Richard F. Gibbons, Jr., PLC
Child Abuse
 
Child abuse consists of any act or omission of an act that endangers or impairs a child's physical or emotional health and development. The severity of the abuse can range from mild to severe in nature. Millions of children are the victims of child abuse each year. There are various people who commit child abuse; most often it is the child's parent, caregiver, or family member. There are several different types of child abuse.

Physical Abuse

When one thinks of child abuse the first type of abuse that may come to one's mind is physical abuse. Physical abuse is defined as any non-accidental injury to a child. Types of physical abuse include:

  • Biting.
  • Burning.
  • Choking.
  • Cutting.
  • Hitting.
  • Kicking.
  • Pinching.
  • Slapping.
  • Whipping.

Emotional Abuse

Emotional abuse as it pertains to child abuse may be defined as any attitude or behavior that interferes with a child's mental health or social development. Types of emotional abuse may include screaming, negative comparisons, lack of love, ignoring the child, and lack of any physical or emotional affection.

Indicators of Physical or Emotional Abuse

With respect to physical abuse, the indicators are often more obvious than with other types of abuses. The child victim may have bruises, cuts, burns, and marks on her body that may indicate abuse. Often times these signs are quite visible. With respect to emotional abuse, the indicators are not quite as obvious. The child victim of emotional abuse may be shy or withdrawn, may have a very negative outlook on life, and may have difficulty in school and in social settings.

Sexual Abuse

This abuse is defined as any sexual act between a child and an adult or the use of a child for the sexual pleasure of someone else. Many children are victims of sexual abuse. It is believed that one in four girls and one in ten boys are the victim of such abuse. Types of sexual abuse include:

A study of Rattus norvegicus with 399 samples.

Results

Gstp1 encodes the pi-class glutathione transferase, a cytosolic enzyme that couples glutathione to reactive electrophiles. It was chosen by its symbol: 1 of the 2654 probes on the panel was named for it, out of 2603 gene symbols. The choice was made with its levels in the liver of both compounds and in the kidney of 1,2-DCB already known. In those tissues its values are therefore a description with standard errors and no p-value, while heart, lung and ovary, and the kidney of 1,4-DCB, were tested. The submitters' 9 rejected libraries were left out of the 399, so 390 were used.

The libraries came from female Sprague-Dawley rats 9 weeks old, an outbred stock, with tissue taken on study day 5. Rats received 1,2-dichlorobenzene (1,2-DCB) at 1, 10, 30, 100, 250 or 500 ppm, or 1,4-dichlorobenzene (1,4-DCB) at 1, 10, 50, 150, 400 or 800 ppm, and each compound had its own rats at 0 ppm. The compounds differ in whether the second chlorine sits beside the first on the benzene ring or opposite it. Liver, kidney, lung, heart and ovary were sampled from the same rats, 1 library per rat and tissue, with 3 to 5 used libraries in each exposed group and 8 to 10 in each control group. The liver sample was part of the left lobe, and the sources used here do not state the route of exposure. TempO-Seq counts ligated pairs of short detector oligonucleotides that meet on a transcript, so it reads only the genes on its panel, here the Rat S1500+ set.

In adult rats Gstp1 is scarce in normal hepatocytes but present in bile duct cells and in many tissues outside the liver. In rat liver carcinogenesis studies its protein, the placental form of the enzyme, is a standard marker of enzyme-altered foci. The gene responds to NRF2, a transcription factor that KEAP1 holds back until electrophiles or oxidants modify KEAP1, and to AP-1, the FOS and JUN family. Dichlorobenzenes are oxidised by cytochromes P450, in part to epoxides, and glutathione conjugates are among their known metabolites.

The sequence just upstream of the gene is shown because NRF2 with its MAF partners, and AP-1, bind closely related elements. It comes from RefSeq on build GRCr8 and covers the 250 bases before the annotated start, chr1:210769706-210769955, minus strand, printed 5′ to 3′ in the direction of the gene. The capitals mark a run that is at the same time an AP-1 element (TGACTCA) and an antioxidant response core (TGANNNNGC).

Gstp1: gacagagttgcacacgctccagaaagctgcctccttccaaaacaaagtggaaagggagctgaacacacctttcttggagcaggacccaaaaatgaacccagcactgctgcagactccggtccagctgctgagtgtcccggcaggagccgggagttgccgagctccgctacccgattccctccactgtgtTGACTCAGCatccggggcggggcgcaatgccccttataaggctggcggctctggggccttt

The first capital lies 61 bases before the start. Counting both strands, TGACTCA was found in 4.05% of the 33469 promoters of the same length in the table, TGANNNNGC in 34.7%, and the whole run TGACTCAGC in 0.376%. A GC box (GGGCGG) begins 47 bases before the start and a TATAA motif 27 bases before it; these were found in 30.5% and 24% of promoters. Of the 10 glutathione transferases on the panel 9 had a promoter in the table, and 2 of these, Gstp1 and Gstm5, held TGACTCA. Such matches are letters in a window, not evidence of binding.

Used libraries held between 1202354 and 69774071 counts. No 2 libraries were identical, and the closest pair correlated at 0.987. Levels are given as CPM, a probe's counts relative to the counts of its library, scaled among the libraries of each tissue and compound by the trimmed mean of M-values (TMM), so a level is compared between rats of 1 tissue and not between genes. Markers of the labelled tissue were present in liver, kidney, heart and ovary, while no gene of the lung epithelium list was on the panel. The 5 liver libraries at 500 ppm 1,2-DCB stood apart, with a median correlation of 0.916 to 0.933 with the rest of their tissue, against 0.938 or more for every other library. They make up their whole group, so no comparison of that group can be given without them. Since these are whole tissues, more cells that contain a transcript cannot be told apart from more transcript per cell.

• Fondling.
  • Exposure of genitals.
  • Actual Penetration.
  • Oral Penetration.

Indicators of Sexual Abuse

  • Difficulties walking or standing.
  • Vaginal or rectal bleeding.
  • Torn undergarments or clothing.
  • Pain or itching in genital area.
  • Pregnancy.

Prosecution of Child Abusers

States have various different laws with respect to the prosecution of child abusers. Depending on the severity of the abuse, the abuser may be charged with various different crimes including assault, battery, child endangerment, sexual assault, incest, and rape. All states have laws in effect that would prosecute sexual abuse as a sexual assault.

Investigation and Social Services

If the child abuse matter has been referred to a state or local social agency then an investigation will occur. The child may be removed from the home temporarily, permanently or not at all, depending upon the circumstances involved. States have different requirements and reporting procedures for individuals. For example, most states require that any medical professional that suspects that a child is a victim of child abuse to report the suspected abuse to the proper authorities.

Conclusion

There are numerous physical and behavioral indicators that may suggest that a child is a victim of child abuse. The parent should carefully look at any emotional or behavioral changes in a child as they may indicate that the child is in some type of abusive relationship either at home, at a caregiver's or at school.

Copyright 2007 LexisNexis, a division of Reed Elsevier Inc.